Member or leader (3). Член команды или лидер.
One of the most frequently confronted situations of modern life is to be included in a group as a member or to strive for the leadership of a group. A member will have to follow the leader"s order, an argument goes, but he will feel less pressure, thanks to fewer responsibilities. I am afraid I can hardly agree with this argument as far as it goes. For me, two advantages of the leadership stand out with great force.
Firstly, common senses lead us to the conclusion: a leader is the core of a group or an organization and has the supreme power in it. Winner of the competitive elections, a leader meanwhile wins the authority of dealing with the affairs within the group in his own way. Generally speaking, everyone will hope that his personal point of views can be adopted to solve certain problems. When it comes to members of a group, they may feel free to propose an extraordinary variety of suggestions. No matter how proper they may be, it depends on the leader to turn them into final decisions or just to deny it. A CEO, the head of a company, for example. No subordinate dare start a project or invest in a program without his permission. In contrast, the CEO will take risks in an unpredictable deal, providing he considers it worthwhile. Obviously, whether a leader or not would make a difference.
And secondly, a leader can make the best of his position to have his working abilities and social skills developed. Just recall our personal experiences, which will support my statement about the second advantage, a more important one. As we grow from children into teenagers, we are proud of organizing a football match or being the key figure of a game; as we leave adolescence behind and enter adult life, we are eager to play a vital role in campus activities or clubs. But why? The very reason is that we believe it wonderful opportunity to prepare ourselves for future careers by communicating with the people in and out of the group and conquering the difficulties facing the group. And so is the fact. An example is my uncle"s success as a businessman. Enthusiastic about being the leader of any group he joined, say, monitor of his class, he was always more self-confident than his peers and his outstanding abilities in management won him good reputations.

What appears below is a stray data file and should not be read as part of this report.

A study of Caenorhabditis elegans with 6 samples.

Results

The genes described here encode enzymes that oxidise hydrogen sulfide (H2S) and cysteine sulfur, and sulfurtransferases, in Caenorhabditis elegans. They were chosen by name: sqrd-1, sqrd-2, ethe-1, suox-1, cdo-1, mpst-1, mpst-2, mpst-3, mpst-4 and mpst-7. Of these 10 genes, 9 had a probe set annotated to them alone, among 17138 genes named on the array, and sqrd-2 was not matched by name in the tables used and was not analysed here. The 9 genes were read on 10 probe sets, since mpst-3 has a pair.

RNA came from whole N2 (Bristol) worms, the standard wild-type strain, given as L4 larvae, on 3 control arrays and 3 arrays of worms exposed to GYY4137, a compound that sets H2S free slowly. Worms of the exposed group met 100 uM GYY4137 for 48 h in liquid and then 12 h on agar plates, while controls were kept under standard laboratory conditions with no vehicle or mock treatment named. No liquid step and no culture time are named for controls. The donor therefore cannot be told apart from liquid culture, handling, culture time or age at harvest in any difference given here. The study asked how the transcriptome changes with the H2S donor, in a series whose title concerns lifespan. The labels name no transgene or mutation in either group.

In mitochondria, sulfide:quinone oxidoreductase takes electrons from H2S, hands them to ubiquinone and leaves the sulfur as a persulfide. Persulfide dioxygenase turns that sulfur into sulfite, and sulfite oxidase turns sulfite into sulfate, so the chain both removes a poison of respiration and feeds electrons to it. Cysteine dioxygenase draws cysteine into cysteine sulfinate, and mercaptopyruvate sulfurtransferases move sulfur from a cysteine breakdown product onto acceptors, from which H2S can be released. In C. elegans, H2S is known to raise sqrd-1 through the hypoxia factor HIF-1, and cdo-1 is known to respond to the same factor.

I think that such a closer look at the subtle advantages of being a leader offers some startling surprises to those advocates of being a member of a group. Why do you still confine your attention to the temporary relaxed feeling of a member? Why not seek for the benefit in the long run as a leader? Please join us, and another prominent leader will probably come into being among us.